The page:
Poster war continues as protesters signs are torn down by council - again
- Credit: Sonya Duncan
Protestors used the cover of darkness to to re-erect banners torn down by the council in what they believe was a "breach of their human rights".
Last night people living near Heigham Park restrung posters to the fences demanding a "proper consultation" over Norwich City Council's plans for all-weather tennis courts to replace the existing grass ones.
Each time posters have appeared in the past, they are removed by the council as landowner.
On Saturday, the group re-posted confiscated banners after a human rights professor assured them it was their political right to public self-expression, but these were swiftly removed early on Tuesday morning.
A Norwich City Council spokeswoman said: "We removed the posters and banners on Tuesday as we would any other material displayed on council property without permission.
You may also want to watch:
"We do not believe we've affected anyone's rights in terms of Article 10 of the Human Rights Convention.
"We would be happy to return these items and this can be arranged."
- 1 Famous Norwich firm locked in legal battle with Red Bull
- 2 New BBQ takeaway set to open in Norwich
- 3 'We do everything correctly': Norwich takeaway handed one star hygiene rating
- 4 To cross or not to cross? Pledge to trim back danger hedge at blind corner
- 5 'We will come back stronger': Norwich restaurant to close for rebranding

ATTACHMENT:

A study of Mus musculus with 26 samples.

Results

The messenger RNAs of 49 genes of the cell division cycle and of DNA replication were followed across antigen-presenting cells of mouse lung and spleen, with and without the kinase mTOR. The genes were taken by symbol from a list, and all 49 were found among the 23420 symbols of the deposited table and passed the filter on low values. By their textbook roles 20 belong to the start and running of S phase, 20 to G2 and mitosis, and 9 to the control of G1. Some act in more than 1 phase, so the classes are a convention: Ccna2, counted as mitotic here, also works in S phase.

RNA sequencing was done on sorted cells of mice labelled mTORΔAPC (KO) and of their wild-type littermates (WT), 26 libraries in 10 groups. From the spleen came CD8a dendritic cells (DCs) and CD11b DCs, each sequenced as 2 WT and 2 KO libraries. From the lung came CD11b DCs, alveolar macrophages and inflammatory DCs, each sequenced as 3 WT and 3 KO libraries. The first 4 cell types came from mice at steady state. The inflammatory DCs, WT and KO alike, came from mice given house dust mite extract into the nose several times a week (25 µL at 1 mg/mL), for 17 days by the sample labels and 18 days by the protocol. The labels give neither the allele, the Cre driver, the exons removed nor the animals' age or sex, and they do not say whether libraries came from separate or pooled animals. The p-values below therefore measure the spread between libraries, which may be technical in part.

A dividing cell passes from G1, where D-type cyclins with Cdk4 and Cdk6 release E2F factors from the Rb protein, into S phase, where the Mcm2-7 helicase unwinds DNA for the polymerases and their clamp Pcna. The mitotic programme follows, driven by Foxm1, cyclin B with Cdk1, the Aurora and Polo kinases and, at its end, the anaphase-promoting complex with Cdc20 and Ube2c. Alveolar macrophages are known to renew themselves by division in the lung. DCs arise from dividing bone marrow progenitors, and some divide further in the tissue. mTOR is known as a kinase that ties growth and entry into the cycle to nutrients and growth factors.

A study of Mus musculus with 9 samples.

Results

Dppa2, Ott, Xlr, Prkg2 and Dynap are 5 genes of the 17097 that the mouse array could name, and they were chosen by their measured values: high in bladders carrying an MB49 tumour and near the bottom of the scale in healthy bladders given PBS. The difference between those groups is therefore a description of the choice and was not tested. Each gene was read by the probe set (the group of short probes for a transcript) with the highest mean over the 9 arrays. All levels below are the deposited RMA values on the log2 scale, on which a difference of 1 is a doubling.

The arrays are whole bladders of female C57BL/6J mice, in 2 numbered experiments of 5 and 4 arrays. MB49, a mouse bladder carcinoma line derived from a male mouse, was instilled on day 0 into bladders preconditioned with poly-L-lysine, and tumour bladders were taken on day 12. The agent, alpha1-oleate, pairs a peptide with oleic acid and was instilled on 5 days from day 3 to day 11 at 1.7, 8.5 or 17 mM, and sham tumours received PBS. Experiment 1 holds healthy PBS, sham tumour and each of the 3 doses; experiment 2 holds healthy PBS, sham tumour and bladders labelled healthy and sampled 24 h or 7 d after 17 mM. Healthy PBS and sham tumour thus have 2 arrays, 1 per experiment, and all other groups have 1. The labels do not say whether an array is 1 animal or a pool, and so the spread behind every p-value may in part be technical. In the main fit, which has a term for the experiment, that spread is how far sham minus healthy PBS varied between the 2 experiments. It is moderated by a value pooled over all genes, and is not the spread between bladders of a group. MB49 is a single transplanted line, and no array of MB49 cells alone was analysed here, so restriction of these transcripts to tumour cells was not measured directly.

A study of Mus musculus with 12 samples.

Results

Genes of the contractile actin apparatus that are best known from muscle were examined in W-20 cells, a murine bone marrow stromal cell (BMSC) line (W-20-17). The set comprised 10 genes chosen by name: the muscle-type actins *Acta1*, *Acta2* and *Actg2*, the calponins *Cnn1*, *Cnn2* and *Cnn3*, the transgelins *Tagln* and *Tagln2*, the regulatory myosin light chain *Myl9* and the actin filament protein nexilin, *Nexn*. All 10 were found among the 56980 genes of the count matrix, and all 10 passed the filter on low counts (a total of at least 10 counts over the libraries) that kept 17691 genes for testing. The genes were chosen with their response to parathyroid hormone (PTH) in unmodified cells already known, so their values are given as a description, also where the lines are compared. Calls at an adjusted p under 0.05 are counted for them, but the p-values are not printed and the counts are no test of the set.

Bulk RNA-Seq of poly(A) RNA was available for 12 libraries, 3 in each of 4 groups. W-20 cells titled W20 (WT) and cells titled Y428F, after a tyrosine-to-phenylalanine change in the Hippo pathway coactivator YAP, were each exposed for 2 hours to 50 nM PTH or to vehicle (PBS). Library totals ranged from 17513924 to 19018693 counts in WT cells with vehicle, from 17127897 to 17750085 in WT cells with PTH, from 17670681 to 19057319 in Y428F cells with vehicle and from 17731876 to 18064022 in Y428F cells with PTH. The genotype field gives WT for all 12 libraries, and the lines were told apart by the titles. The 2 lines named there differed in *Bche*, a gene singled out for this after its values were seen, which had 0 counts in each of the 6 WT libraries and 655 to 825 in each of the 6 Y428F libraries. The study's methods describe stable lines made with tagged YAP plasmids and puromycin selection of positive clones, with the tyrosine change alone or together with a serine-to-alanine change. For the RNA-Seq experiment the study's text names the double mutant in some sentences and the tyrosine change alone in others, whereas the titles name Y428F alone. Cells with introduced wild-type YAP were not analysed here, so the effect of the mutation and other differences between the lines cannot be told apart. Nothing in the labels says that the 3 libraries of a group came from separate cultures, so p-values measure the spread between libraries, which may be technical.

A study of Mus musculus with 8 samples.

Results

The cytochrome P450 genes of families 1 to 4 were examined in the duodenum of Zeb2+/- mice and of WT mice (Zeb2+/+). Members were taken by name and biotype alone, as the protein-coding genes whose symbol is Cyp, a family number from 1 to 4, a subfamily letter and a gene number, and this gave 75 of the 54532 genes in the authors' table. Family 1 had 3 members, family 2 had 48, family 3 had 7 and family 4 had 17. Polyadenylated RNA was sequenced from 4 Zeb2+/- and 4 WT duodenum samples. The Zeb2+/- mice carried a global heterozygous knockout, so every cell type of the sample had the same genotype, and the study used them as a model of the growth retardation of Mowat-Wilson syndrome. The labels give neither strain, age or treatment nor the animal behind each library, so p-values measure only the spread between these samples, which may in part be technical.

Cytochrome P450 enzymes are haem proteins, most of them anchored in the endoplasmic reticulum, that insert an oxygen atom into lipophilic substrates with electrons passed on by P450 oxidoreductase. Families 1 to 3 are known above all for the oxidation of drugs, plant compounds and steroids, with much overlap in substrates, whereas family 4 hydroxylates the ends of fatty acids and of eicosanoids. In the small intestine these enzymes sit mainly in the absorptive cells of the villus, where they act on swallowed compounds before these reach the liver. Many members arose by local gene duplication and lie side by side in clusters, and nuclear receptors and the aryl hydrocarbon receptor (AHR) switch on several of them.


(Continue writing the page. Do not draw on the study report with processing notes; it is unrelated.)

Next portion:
- 6 Former teacher who abused young boys handed 25-year sentence
- 7 Bus services to be cancelled and changed amid driver shortage
- 8 'Sneaky and selfish' changes to bus route slammed
- 9 Inconvenience store: Family business blighted by roadworks
- 10 Bars, restaurants and shops - Five new openings in Norwich this September
More banners were again placed on the fence at a group meeting last night, but one resident claims she saw these too being taken down at 7am on Wednesday.
James Packham, from the Heigham Park Consultation Group, said: "It's getting ridiculous.
"We sought legal opinion from an academic fellow to the parliamentary joint committee on human rights, and he assured us the council's reason for obsessively taking down our signs was pretty shaky.
"That's why we felt so confident sticking the banners we had confiscated, and then managed to get back, up on the fence on Saturday.
"He told us that the council can only interfere with our right to freedom of expression if it's necessary and proportionate, like in the interests of national security or for the prevention of crime and disorder.
"How is taking down signs from local people saying that we want proper consultation over the proposals serving that purpose?
"It's laughable really. They seem to be patrolling the area over some non-offensive and tastefully displayed signs."
However, Mr Packham explained the group was "getting stronger all the time", with more and more residents showing up to informal group meetings.
Lucy Galvin, Green city councillor for Nelson ward, said: "I hope the council will stop trying to stifle this positive debate and launch a proper consultation on the future of this part of the park.”